In a traditional web server architecture each client connection is handled as a separate process or thread, and as the popularity of a website grows, and the number of concurrent connections increases—the web server slows down, delaying responses to the users. From the technical standpoint, spawning a separate process/thread requires switching CPU to a new task, and creating a new runtime context—which consumes additional memory and CPU time, and negatively impacts performance.
NGINX was developed with the thought of achieving 10x more performance and the optimized use of server resources—while being able to scale and support dynamic growth of a website. As a result NGINX became one the most well-known modular, event-driven, asynchronous, single-threaded web server and web proxy.
In NGINX users’ connections are processed in highly efficient runloops inside a limited number of single-threaded processes—called worker(s). Each worker can handle thousands of concurrent connections and requests per second.
Event-driven is basically about an approach to handle various tasks as “events”. Incoming connection is an event, disk read is an event and so on. The idea is to not waste server resources unless there’s an “event” to handle. Modern operating system can notify the web server about initiation or completion of a task, which in turn enables NGINX workers to use proper resources in a proper way. Server resources can be allocated and released dynamically, on-demand—resulting in optimized usage of network, memory and CPU.
Asynchronous means the runloop doesn’t get stuck on particular events—it sets condition for “alarms” from the operating system about particular “events” and continues to monitor the “event queue” for “alarms”. Only when there’s an alarm about an event, the runloop triggers actions (e.g. read/write from the network interface). In turn, specific actions always try to utilize non-blocking interfaces to the OS so that the worker doesn’t stop on handling a particular event. This way NGINX workers can use available shared resources concurrently in the most efficient manner.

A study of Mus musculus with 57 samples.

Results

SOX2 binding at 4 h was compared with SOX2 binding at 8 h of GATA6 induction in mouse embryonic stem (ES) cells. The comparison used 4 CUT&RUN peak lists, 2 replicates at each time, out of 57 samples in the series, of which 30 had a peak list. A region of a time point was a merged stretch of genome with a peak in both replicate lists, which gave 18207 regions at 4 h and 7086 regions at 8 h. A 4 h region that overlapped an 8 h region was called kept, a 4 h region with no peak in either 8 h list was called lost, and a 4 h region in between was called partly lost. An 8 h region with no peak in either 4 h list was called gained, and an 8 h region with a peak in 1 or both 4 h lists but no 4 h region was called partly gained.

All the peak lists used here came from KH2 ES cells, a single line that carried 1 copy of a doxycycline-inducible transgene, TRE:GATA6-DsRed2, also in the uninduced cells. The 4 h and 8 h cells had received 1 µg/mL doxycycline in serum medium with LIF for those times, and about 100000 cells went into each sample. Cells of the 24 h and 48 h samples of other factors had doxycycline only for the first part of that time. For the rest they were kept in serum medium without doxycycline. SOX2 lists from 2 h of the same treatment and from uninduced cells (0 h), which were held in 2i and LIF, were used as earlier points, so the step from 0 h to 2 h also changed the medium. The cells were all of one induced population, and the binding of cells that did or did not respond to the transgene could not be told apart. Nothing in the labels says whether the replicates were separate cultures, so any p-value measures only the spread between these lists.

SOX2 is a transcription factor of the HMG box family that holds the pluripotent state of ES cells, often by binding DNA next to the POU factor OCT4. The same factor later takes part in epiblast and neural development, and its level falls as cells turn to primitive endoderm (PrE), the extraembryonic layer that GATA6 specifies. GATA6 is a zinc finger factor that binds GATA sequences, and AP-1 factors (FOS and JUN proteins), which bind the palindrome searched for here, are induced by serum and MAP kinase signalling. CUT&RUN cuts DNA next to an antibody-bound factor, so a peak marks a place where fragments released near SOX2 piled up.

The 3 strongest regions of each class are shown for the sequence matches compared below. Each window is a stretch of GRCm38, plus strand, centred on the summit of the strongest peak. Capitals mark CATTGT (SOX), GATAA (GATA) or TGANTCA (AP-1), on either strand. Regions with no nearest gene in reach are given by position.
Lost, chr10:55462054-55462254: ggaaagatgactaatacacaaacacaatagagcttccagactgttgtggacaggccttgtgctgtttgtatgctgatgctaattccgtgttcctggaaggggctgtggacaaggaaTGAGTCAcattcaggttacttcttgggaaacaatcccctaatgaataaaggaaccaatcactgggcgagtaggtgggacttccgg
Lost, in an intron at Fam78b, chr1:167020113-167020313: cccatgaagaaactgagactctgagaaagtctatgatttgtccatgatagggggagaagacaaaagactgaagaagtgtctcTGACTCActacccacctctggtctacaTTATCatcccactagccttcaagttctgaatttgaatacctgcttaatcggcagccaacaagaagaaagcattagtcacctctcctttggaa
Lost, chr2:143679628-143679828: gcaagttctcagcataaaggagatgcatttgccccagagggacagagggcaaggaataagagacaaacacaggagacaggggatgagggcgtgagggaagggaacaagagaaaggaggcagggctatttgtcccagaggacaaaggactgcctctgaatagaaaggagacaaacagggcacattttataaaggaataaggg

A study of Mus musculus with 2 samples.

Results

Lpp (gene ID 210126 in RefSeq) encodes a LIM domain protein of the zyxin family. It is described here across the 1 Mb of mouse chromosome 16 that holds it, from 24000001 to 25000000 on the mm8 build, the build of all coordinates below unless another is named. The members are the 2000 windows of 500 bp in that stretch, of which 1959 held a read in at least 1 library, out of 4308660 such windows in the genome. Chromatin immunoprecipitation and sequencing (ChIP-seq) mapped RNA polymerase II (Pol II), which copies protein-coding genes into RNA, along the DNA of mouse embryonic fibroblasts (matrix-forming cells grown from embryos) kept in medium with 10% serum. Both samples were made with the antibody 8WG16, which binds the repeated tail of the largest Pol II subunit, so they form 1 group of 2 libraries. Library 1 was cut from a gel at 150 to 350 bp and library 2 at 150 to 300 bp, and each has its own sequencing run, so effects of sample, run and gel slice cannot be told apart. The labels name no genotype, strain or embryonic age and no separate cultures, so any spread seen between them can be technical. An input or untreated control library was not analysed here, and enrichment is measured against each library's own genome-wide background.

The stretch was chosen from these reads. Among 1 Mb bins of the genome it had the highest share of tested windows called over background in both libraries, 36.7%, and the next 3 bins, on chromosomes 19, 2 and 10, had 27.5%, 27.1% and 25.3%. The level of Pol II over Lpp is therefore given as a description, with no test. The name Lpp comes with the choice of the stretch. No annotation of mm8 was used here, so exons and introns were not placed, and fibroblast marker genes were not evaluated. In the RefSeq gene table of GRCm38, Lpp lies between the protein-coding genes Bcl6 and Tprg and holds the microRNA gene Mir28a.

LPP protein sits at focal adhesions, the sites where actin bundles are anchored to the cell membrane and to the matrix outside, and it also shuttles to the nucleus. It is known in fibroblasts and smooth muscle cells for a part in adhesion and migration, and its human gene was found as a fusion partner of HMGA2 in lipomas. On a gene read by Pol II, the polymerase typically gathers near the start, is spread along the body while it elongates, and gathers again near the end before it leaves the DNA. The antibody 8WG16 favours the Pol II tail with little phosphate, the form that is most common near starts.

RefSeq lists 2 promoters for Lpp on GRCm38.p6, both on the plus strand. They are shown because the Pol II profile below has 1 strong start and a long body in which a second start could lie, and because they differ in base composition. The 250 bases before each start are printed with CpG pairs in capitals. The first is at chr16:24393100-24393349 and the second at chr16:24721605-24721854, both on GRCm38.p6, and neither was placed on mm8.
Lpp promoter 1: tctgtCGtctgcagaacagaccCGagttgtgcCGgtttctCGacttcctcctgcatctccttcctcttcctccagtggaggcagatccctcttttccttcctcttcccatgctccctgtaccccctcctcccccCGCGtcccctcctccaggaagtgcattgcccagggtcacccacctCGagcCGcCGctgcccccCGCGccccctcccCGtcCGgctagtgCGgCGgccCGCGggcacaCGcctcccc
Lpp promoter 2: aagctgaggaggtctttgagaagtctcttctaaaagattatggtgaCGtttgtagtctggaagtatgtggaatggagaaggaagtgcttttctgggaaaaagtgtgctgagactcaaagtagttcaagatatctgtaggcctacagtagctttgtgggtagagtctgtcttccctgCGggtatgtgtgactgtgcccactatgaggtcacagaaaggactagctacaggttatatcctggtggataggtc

Single-threaded means that many user connections can be handled by a single worker process which in turn helps to avoid excessive context switching—and leads to more efficient usage of memory and CPU.
Modular architecture helps developers to extend the set of the web server features without heavily modifying the NGINX core.
NGINX does not create a new process or thread for every connection. Worker process accepts the new requests from a shared listen queue and executes a highly efficient runloop across them—to process thousands of connections per worker. Worker gets notifications about events from the mechanisms in the OS kernel.
When NGINX is started, an initial set of listening sockets is created, workers then start to accept, read from and write to sockets when processing HTTP requests and responses.
As NGINX does not fork a process or thread per connection, the memory usage is very conservative and extremely efficient in most of the cases—it’s basically a true on-demand handling of memory. NGINX also conserves CPU cycles as there’s no ongoing create-destroy pattern for processes or threads.
In a nutshell what NGINX does can be described as orchestration of the underlying OS and hardware resources to server web clients—by checking the state of the network and storage events, initializing new connections, adding them to the runloop, and processing asynchronously until completion, at which point the connection is deallocated and removed from the runloop. Consequently NGINX helps to achieve moderate-to-low CPU usage under even most extreme workloads.
NGINX spawns several worker(s)—it’s typically a worker per CPU core—which in turn helps to scale across multiple CPUs. This approach helps the OS to schedule tasks across NGINX workers more evenly.
General recommendations for worker configuration might be as following:
• For the CPU-intensive workload—the number of NGINX worker(s) should be equal to number of CPU cores.
• For I/O-intensive workload—the number of worker(s) might be about two times the number of cores.
Thus NGINX is able to do more in less resources (e.g memory and CPU).